Philippe Bresson is an actor and film producer who is notable for local TV shows such as ‘New Beginnings’, ‘Mheshimiwa’ and ‘Changing Times’.
Bresson is also a photography director, editor, colorist, and Director/Managing Partner at Insignia Productions. The filmmaker speaks to pd.co.ke about his craft.
How has your background influenced your work?
Well, I don’t know exactly how my background has influenced my work, but I have always been a dreamer of creating great things.
I didn’t come from a rich family, so I had to dream a lot, and I think it’s this creative dreaming that got me into film.
In fact, everything that I do is self-taught, a thing I find pretty cool.
Who would say is the most interesting character you have ever created?
The most interesting character that I’ve ever created was, Lexxy for the show New Beginnings in 2016, which first aired on Ebony Life in Nigeria and later on eTV in South Africa.
Lexxy was crazy and at the same time you would fall in love with her. However, she had many deep-rooted personality issues with a 360-degree character. It was amazing to write about her.
What inspired you to create the Socialite TV show, considering it’s a female-centered show?
For the longest time, as Insignia Productions, we have been discussing doing a show with female leads.
So, when we started creating Socialite, it felt like it was the right time because of the huge social media growth that has been realised in the country in recent years.
So, we were able to leverage on platforms such as Instagram to build hype and even generate plot ideas.
Have you ever based any of your shows or characters on real-life experiences?
Yes, I’ve based some of the characters according to my and other people’s real life experiences.
The whole point of storytelling is borrowing from real life and you know, there are people and things around us that happen that we can easily translate to TV.
By just looking at them analytically, we are always able to tell that they could tell a really good story.
What was your biggest challenge in starting Insignia Productions?
We set up the production house in 2007 with no capital at all. My parents are the people who helped my business partner and me, by injecting some capital funds into the business.
You can’t really produce a film on debt. But at some point, our business relationship collapsed and I had to re-start the production afresh.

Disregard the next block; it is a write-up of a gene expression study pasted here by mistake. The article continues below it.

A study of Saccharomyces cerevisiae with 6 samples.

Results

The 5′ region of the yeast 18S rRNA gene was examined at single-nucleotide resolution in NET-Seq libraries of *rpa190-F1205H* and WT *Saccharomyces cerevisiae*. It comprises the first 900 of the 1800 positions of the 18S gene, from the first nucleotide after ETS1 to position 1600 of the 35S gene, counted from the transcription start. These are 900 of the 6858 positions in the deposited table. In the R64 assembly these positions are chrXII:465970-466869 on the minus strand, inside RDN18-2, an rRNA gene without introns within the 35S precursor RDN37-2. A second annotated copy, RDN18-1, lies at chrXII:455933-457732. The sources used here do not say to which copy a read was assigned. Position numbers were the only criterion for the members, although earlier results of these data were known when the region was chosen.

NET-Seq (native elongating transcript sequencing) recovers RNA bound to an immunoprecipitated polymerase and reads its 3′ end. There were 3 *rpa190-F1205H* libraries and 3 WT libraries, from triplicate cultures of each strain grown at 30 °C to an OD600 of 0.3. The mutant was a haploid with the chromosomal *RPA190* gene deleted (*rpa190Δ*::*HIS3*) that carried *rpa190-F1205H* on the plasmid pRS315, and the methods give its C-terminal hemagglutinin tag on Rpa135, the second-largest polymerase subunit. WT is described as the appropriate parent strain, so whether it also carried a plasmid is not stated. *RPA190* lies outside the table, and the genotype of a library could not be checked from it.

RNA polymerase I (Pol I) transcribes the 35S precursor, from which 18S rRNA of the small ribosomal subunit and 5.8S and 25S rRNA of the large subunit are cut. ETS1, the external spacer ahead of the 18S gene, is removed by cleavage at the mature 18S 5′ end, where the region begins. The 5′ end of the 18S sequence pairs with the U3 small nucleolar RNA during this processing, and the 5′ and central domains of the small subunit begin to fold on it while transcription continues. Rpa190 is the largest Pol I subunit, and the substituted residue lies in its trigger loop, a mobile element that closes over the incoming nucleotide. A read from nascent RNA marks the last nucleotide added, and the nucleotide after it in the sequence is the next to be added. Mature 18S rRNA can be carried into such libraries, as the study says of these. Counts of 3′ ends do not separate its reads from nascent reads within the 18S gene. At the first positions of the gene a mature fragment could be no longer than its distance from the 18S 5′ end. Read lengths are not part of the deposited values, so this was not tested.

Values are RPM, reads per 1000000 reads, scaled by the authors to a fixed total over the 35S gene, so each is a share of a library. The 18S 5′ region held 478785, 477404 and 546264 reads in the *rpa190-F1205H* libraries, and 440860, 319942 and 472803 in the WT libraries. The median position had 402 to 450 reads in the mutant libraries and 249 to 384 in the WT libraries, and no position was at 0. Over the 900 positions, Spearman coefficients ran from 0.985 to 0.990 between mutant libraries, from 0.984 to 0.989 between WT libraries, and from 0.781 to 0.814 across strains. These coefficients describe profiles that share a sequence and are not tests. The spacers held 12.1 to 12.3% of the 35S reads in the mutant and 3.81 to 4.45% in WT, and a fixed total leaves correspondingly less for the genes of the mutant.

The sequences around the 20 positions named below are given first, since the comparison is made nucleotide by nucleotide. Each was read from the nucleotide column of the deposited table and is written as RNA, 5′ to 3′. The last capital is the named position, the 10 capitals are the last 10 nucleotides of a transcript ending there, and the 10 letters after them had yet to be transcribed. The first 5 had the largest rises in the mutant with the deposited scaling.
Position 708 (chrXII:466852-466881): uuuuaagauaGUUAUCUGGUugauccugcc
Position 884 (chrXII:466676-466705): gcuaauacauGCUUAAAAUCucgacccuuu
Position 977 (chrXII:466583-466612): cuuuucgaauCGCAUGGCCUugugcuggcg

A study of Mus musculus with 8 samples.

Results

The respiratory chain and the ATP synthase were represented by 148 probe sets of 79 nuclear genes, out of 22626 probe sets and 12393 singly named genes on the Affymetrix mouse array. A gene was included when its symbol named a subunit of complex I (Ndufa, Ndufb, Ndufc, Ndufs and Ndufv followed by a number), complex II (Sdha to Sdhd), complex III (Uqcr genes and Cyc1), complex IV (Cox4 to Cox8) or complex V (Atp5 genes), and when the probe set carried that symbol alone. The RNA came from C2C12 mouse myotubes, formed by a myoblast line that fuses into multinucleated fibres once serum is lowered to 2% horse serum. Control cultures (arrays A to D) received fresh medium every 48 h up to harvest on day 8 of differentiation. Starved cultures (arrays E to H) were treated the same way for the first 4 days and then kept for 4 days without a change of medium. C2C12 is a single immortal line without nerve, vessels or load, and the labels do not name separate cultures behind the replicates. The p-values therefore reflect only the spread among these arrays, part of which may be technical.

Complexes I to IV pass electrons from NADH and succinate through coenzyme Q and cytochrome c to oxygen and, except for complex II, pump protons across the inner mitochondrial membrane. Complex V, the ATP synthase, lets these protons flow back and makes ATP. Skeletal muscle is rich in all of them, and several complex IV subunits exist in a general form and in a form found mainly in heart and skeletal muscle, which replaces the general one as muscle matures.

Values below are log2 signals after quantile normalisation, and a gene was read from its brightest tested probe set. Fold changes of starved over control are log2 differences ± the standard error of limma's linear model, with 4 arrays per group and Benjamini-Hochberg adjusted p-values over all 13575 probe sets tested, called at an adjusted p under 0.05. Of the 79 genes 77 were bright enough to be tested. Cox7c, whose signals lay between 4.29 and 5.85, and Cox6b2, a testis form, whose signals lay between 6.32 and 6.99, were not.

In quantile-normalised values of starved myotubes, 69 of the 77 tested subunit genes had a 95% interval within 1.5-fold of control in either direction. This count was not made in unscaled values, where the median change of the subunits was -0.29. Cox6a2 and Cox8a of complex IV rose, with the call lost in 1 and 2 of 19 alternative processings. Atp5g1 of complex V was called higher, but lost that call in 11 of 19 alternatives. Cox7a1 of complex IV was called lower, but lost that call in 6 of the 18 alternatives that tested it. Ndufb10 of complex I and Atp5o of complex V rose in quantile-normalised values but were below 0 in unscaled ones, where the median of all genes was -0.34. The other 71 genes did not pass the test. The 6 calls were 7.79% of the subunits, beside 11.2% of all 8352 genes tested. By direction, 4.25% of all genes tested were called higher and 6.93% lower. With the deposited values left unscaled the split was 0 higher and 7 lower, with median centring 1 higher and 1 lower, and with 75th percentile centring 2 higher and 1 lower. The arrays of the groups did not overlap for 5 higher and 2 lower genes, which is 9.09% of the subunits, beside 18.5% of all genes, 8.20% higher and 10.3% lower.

It was a challenging task, but because of my self-belief and my undying urge to realise my dreams, I made it and made it big for that matter.
What are your aspirations?
Besides building up Insignia Productions to a global entity, I want to give back more to the community in terms of imparting knowledge to more up-and-coming filmmakers.
That is one of the things the government needs to be doing —supporting the growth of our film industry by providing learning opportunities for the young talent and setting up strict policies.
What have been your worst and favourite experiences working as a film director and producer?
The major one has been working with people with difficult personalities to cope with. The industry deals with people who are just so hard to work with; the ones who can sabotage a production.
My favourite experience, however, has been the fact that two years ago Insignia was on a project with the acclaimed Cartoon Network, a move that cemented the belief that our production had come of age.
That really makes me so happy. Working with global brands and testing our skills on that level 13 years on, gives us the impetus to move on.
If you weren’t in the film industry what would you be doing?
I think I would be in the music industry because I had also given music production a hand as a producer. Alternatively, I would be in real estate. Hahaa.
What advice would you give to a young person with dreams to have their own production company?
Don’t expect profit immediately after setting up your company; it takes time. But be persistent, build networks, be good at what you do and you’ll be good to go.